Award winning speaker Ann Wylie to lead workshop; DenverPost.com editor to keynote.

January 2003ASBPE’s second Western Winter Workshop will be an intensive, one-day event focusing on ways to build and keep your online readership.

The workshop will be presented Wednesday, March 19, by editorial consultant Ann Wylie of Wylie Communications. It takes place at the Denver Marriott West in Golden, Colo.

Conference Offers Exceptional Value

ASBPE has worked hard to keep the registration fees affordable. That means you get:

  • a full-day workshop,
  • continental breakfast,
  • luncheon and
  • keynote speech

for a low price of only

  • $115 for ASBPE members.
  • $135 for nonmembers.

Hotel rooms at the Marriott are available for $139 per night. Just ask for the ASBPE rate when making your reservation.

The workshop consists of three modules:

Cut Through the Clutter
This back-to-basics writing workshop will include work on “editing by the numbers.” How long should your paragraphs be? Your sentences? Your words? Attendees will learn a seven-step “funnel system” that makes the editing process more efficient and effective. They’ll also learn to:

  • Avoid a reader backlash that could be causing people to toss your publication without reading it.
  • Solve the “visual duration-sensing apparatus” problem.
  • Write the way you speak with easy technique for making your copy more
    conversational.

Reaching Readers Online
Learn how to present your online copy to communicate with — instead of discombobulate — your readers. Specifically, you’ll learn how to:

  • Make sure your designer doesn’t make your Web site too cute to read.
  • Write microcontent that’s easy to understand no matter where it shows up.
  • Pass a test to ensure that your copy is broken into small enough chunks.
  • Avoid dropping a key piece of microcontent that helps readers get the gist of the story, even if they don’t read the text.
  • Write links and buttons that get clicked.

Writing for the Web: Creating Copy that Clicks
Write Web copy that overcomes the obstacles of online reading and really gets the word out on the Web. Attendees will learn how to make copy more readable and engaging:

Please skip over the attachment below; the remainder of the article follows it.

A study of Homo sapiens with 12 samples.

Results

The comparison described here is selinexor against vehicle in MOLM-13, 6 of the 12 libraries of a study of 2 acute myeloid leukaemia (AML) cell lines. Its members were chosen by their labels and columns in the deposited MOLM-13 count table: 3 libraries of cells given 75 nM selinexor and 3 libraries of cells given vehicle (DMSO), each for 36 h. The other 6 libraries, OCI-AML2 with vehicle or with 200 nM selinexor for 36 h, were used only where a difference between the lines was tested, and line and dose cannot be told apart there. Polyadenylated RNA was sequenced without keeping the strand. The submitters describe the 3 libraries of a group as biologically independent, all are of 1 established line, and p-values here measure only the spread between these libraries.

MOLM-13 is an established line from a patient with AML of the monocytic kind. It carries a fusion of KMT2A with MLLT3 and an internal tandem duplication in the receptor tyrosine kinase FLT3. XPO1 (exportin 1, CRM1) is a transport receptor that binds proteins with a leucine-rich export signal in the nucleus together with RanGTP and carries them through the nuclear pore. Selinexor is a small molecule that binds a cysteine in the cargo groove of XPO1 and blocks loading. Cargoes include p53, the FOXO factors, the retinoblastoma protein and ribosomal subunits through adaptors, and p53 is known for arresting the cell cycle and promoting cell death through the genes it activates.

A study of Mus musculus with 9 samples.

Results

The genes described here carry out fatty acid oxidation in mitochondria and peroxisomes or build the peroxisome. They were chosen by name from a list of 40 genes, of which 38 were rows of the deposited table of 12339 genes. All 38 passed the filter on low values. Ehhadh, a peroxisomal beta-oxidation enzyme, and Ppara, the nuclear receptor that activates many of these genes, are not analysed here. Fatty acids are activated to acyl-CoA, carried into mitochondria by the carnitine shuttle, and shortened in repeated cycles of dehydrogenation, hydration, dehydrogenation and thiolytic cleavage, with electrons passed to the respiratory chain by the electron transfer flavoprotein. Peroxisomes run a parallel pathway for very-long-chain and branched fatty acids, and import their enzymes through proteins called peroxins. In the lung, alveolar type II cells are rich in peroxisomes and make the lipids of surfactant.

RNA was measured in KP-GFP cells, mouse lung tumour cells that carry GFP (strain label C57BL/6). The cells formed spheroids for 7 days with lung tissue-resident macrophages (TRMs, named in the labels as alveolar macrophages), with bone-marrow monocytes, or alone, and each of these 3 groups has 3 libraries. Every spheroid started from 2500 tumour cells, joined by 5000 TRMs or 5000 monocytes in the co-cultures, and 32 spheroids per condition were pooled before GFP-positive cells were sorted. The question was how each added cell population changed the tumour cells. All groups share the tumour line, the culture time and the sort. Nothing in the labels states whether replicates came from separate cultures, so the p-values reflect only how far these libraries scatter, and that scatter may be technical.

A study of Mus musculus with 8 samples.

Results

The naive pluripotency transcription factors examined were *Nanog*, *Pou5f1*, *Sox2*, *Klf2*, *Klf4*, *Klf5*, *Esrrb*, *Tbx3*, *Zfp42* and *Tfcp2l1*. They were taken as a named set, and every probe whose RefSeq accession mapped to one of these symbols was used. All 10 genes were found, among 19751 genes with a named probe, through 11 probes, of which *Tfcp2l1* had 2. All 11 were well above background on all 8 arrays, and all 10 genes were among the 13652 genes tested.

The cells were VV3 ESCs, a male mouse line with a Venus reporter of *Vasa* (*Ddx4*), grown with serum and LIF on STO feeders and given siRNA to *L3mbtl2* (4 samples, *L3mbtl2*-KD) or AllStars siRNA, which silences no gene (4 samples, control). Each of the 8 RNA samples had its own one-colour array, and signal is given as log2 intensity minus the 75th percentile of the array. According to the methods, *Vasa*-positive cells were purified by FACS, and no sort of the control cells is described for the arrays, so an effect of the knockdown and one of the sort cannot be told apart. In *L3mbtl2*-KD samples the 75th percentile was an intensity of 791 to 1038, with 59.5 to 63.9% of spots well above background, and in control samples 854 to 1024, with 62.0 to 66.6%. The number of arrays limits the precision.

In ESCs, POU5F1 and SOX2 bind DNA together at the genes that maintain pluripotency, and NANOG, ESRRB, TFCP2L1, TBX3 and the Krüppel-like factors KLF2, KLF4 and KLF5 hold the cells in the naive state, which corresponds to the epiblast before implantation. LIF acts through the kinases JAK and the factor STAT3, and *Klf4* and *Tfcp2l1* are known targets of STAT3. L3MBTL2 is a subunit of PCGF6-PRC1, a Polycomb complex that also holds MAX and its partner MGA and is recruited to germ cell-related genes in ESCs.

• Increase the usability of your copy by 124% with three simple steps.
  • Avoid a common hyperlinking mistake that drives readers nuts.
  • Create Web copy that works with readers’ natural online reading habits.
  • Apply the 30-3-30-3 rule to give online readers what they’re looking for.
  • Make feature stories work on the Web.
  • Run a skim test to make sure your online copy is scannable enough.
  • Develop a voice for your online communications.

The luncheon keynote speaker for the event will be Todd Engdahl, editor of DenverPost.com. Engdahl will tell attendees what the main daily for the Rocky Mountain West is doing online and discuss the thinking that’s going on editorially about:

  • what content is posted on the site,
  • how it is packaged,
  • how the editors try to capture readership and
  • what role they want the site to play relative to the print newspaper.

About Ann Wylie

Wylie’s work has earned 40 communication awards, including a Women In Communications (WIC) Clarion and two Gold Quill awards from the International Association of Business Communicators (IABC). Before starting her firm, Wylie was editor of Hallmark Cards’ employee magazine, CROWN, which was named the best publication of its kind in the nation by WIC and best of its kind in the world by IABC.

Wylie has also served as editor of a regional business magazine, where she interviewed CEOs and billionaires — and the guys who change the light bulbs at Hallmark — and learned a lot about what makes successful companies tick.

As president of Wylie Communications, Ann handles special writing and editing projects for Sprint, Readers Digest, The Mayo Clinic and dozens of other major clients. She helps organizations like FedEx, Sprint PCS and Accenture launch or improve their publications.

About Todd Engdahl

Todd Engdahl is editor of DenverPost.com. Before launching the company’s first Web site in 1995, he served as executive city editor, city editor, night city editor and other editing and reporting jobs during his 27- year career at The Post. He holds a master’s degree in journalism from Northwestern University.

Download a registration form (100K PDF).